From a Guardian Article, see it HERE.
Their 11th-hour escape on the eve of the second world war became the stuff of legend, earning international recognition for the man who organised it, Sir Nicholas Winton.
Now people spirited out of German-occupied Czechoslovakia when they were children are to pay homage to previously unsung heroes in the affair – the parents who boarded them on to Winton’s “kindertransport” trains bound for Britain in a desperate attempt to save them from the Nazis.
A memorial recognising the agonising moral choice made by parents of the 669 mostly Jewish children sent away is to be constructed in Prague’s main railway station, from where eight evacuation trains departed in the spring and summer of 1939, after Nazi Germany invaded Czechoslovakia.
It will stand near a statue of Winton, the British aid worker and former stockbroker who organised the transports and has been labelled “the British Schindler” for his role in rescuing Jews, a comparison to Oskar Schindler, the Nazi industrialist credited with saving 1,200 Jewish prisoners from Hitler’s death camps.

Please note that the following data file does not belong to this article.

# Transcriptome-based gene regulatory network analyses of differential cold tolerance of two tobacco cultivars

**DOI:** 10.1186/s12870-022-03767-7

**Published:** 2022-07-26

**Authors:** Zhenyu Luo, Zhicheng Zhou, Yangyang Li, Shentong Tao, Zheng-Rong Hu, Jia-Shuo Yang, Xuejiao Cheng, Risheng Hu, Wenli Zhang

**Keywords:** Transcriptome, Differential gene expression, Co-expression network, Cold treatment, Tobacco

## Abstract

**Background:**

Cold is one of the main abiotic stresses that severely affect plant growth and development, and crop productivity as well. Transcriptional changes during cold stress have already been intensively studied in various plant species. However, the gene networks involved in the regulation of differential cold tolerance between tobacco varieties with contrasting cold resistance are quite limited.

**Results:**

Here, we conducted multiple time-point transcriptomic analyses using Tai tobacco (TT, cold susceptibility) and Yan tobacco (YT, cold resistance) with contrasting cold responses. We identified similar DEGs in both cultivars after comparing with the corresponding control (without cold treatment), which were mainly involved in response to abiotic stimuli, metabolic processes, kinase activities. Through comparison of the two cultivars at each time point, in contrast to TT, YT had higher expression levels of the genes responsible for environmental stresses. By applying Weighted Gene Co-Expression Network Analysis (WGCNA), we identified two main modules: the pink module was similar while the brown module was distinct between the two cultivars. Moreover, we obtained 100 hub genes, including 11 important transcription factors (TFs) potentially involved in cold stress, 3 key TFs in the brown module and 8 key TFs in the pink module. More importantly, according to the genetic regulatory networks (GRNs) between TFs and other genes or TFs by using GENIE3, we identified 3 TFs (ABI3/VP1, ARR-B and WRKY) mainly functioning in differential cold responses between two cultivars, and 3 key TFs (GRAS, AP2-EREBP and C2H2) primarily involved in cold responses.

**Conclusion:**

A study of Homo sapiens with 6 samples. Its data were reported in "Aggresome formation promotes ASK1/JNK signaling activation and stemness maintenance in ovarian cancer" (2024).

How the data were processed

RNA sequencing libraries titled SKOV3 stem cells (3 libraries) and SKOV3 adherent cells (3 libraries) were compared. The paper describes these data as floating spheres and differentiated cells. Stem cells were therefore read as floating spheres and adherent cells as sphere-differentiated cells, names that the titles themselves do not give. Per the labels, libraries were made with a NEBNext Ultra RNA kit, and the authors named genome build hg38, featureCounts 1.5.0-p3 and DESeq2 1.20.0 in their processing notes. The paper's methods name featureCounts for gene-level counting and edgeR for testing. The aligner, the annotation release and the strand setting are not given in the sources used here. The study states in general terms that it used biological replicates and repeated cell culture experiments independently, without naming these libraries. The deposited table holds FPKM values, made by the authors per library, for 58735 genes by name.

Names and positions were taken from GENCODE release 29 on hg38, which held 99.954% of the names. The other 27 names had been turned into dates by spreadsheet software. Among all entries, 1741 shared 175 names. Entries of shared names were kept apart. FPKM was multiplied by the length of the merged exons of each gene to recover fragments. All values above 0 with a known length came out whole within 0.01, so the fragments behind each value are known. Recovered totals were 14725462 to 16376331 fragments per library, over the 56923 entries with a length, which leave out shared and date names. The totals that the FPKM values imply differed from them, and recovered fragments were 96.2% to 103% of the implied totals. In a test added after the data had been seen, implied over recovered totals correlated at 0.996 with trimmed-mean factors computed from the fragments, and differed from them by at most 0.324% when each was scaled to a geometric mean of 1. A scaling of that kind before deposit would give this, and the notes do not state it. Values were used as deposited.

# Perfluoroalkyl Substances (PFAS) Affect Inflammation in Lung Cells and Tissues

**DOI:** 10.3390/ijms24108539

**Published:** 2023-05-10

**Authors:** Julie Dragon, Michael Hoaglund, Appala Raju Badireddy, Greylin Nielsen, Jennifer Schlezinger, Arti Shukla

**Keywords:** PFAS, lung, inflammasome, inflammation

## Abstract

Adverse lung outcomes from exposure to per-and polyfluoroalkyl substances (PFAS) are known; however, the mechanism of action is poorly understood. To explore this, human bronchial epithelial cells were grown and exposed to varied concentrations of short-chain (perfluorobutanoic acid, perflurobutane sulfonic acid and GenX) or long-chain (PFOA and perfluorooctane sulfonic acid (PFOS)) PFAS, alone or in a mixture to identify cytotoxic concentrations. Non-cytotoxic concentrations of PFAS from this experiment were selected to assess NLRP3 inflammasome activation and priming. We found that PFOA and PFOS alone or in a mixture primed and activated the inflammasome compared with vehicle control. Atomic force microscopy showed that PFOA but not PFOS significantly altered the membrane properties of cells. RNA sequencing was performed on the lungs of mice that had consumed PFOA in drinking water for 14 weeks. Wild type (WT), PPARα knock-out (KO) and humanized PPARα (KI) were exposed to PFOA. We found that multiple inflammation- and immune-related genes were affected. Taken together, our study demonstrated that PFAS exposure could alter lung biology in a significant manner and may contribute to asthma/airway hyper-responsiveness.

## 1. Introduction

To be known as the Valediction memorial, the shrine will comprise a replica of the door of one of the original train wagons in a design meant to evoke the traumatic parting between parents and children on the station platform.
The door will be filled with glass engraved on each side with patterns of adult and child hands to represent heartrending scenes that were repeated many times at the point of departure.
Zuzana Marešová , 85, who left Prague at seven with her two older sisters in July 1939, said the survivors of the child transports had conceived the memorial as a final act of gratitude to their parents, having already paid generous tribute to Winton – who died aged 106 in 2015, a year after receiving the Czech Republic’s highest honour.
“Can you imagine putting your children on a train, saying goodbye to them, knowing you might never see them again? We had the opportunity to thank Nicky [Winton] personally, but never to thank our parents. One of my most vivid memories of the parting was standing inside the train and looking out of window at the parents on the platform,” recalled Marešová , 85, now living in Prague and one of the few evacuees to later be reunited with her parents.
“All of the parents were crying and waving. I can still see them today. I can remember the parents’ hands up and our noses pressed to the glass and that gave me the idea of the parting. The most frequently uttered sentence along the platform was, ‘See you soon’.”
Most of the parents died in the Holocaust, without seeing their children again.